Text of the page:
Compromise is key in Kaesong


The seventh working-level meeting between South and North Korea to put the Kaesong Industrial Complex back on track will be held in Kaesong, North Korea, today.

The fate of the joint venture will be determined by this last-ditch effort to resume operations of the joint industrial park. If the two sides cannot narrow their differences on conditions for resumption this time around, it will likely be shut down forever. Both sides must not ignore our businessmen’s aspirations for normalization of the last vestige of inter-Korean economic cooperation. Both sides must approach the issue with strong determination that they won’t leave the negotiating table without reaching an agreement.

The biggest question is who should take responsibility for the suspension of the complex - and how to prevent a recurrence. North Korea promised that it will lift the provisional suspension, order North Korean workers to go to work and protect South Korean owners’ personal safety and properties a week ago. Pyongyang also vowed to guarantee the normal operation of the park under any circumstances - without it being affected by political circumstances, above all.

However, the North said that same principle should also apply to the South. But in fact, the Kaesong fiasco originated with North Korea’s unilateral decision to block South Korean managers’ entry into the park and pull out its work force entirely for political reasons. Therefore, our government argues it is the North that must ensure no such incident occurs in the future.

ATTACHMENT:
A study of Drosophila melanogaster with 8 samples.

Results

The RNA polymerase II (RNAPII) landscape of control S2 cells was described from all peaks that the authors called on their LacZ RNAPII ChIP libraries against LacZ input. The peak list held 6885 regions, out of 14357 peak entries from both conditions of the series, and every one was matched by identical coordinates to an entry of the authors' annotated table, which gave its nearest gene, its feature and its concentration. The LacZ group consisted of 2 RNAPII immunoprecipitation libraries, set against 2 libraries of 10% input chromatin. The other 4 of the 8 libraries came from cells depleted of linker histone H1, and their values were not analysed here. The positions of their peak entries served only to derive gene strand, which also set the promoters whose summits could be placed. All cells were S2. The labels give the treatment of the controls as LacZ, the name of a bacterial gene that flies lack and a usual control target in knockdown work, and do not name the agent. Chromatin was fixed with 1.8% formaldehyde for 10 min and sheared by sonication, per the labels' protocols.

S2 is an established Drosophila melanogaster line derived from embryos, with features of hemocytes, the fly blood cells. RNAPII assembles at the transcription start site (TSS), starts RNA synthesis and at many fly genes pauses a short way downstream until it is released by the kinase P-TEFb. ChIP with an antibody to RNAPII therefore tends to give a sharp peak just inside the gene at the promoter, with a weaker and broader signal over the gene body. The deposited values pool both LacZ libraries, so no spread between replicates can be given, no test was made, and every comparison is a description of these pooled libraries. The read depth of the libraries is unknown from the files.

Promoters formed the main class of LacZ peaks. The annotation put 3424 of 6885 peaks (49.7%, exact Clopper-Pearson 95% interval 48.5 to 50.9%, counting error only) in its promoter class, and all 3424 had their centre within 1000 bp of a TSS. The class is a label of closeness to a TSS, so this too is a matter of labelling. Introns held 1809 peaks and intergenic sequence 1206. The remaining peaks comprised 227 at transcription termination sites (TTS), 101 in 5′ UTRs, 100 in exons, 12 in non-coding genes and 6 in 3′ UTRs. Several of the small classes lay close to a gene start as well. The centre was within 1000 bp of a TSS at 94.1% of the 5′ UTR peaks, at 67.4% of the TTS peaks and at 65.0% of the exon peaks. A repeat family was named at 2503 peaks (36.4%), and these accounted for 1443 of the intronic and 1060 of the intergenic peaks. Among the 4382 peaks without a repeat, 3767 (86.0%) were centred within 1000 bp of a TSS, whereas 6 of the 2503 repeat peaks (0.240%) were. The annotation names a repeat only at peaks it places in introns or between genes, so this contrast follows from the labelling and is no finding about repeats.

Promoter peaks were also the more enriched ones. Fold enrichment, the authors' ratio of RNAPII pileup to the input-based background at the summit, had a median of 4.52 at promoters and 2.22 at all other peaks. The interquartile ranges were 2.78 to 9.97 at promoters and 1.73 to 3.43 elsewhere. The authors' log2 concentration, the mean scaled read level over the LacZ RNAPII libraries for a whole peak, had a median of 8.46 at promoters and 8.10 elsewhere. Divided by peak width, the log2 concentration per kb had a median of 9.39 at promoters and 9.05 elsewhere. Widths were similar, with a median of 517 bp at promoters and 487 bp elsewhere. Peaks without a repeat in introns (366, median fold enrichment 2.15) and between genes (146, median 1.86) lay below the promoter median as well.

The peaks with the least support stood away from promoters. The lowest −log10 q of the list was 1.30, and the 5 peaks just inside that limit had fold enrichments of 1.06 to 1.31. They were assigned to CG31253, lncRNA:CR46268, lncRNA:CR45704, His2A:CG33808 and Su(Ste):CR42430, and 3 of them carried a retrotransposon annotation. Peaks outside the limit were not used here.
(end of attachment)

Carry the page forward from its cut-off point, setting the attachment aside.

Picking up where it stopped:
Still, the “developmental normalization” of the Kaesong complex that the Park Geun-hye administration seeks cannot be achieved by one party’s assurance alone because it’s an issue that calls for both sides’ guarantees. If both sides have trouble specifying who’s responsible for yet another suspension, Seoul and Pyongyang can still find ways to separately guarantee no recurrence in the future. If a failure to strike a deal leads to a permanent closure of the complex, that would be penny-wise and pound-foolish.

A complete victory is not desirable in any set of negotiations because the grudge and humiliation of the loser will certainly bring about more serious ramifications the next time around. South and North Korea must reach an agreement through mutual compromise if they really want to pave the way for a permanently sustainable operation of the joint venture in Kaesong. That will also be the moment when President Park’s trust-building process on the Korean Peninsula will bear its first fruits.